The genesis of the TV reality show
By Dauti Kahura
Big Brother is a TV reality show in which a group of disparate people, mostly youth, are ‘trapped’ in a large Spartan-like residence.
The catch is the rest of the world has a chance to ‘peek’ into what the housemates do — in a near voyeuristic style.
The reality show is based on the Orwellian futuristic novel, The Animal Farm written by George Orwell in 1949.
Orwell, the British writer, had imagined a despotic world where people would be at the mercy of a Big Brother who would dictate and lord it over them.
The first Big Brother show was shot in Holland, a country known for its laissez faire government policies in1999. It instantly achieved notoriety as the most controversial reality show ever to be aired.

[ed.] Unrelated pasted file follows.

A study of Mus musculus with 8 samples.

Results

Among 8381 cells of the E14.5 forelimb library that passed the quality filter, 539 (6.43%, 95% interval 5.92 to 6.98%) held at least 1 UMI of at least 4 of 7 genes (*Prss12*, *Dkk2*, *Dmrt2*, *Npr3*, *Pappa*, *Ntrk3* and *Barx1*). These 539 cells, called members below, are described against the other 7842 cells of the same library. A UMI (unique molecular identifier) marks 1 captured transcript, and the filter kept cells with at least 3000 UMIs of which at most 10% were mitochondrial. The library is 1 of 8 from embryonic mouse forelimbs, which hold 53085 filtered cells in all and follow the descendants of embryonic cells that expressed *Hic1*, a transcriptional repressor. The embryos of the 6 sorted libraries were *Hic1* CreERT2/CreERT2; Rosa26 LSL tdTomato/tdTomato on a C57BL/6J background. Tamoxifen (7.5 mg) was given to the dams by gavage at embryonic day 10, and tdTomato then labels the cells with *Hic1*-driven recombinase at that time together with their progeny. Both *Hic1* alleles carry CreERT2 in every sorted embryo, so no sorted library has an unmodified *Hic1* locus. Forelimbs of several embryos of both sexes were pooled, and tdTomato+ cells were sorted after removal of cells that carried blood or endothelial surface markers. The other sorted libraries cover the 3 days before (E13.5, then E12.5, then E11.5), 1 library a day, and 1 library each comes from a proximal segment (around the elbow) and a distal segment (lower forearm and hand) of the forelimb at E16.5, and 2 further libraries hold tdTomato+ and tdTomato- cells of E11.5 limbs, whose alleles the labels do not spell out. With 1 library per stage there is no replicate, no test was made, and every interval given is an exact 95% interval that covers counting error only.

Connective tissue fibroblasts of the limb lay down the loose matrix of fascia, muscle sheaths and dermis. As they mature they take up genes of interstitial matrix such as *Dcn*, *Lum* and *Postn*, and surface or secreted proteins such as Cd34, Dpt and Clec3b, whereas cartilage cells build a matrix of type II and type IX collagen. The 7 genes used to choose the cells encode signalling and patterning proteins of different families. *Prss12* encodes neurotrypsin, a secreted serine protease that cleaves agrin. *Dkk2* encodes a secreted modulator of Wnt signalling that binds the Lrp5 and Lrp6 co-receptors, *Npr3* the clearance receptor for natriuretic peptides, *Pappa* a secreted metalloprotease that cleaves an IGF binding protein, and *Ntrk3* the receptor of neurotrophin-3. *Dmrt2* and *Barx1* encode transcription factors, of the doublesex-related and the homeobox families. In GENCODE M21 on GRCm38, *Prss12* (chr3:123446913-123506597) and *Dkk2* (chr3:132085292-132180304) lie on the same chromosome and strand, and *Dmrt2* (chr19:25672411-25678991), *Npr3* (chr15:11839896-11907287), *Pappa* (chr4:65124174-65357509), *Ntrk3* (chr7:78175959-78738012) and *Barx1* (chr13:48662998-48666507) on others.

Subsequently, there emerged similar improvisations of the same in Europe, Asia, America and Africa.
The first African Big Brother was staged in Johannesburg, South Africa, in 2003. But it was not Spartan-like — it had a luxurious Jacuzzi.
When it was aired for the first time, it attracted the ire of religious leaders and some presidents who termed the show immoral, ‘unAfrican’ and ‘antagonistic’.
About 12 African countries have participated in the three Big Brother shows that have been held in South Africa, with 30 million viewership.
The first African Big Brother show was won by 24-year-old Cherise Makubale, a Zambian.
Former Big Brother housemate in mushroom businessAppearing on a TV reality show would guarantee anyone almost instant fame and a head start in show business.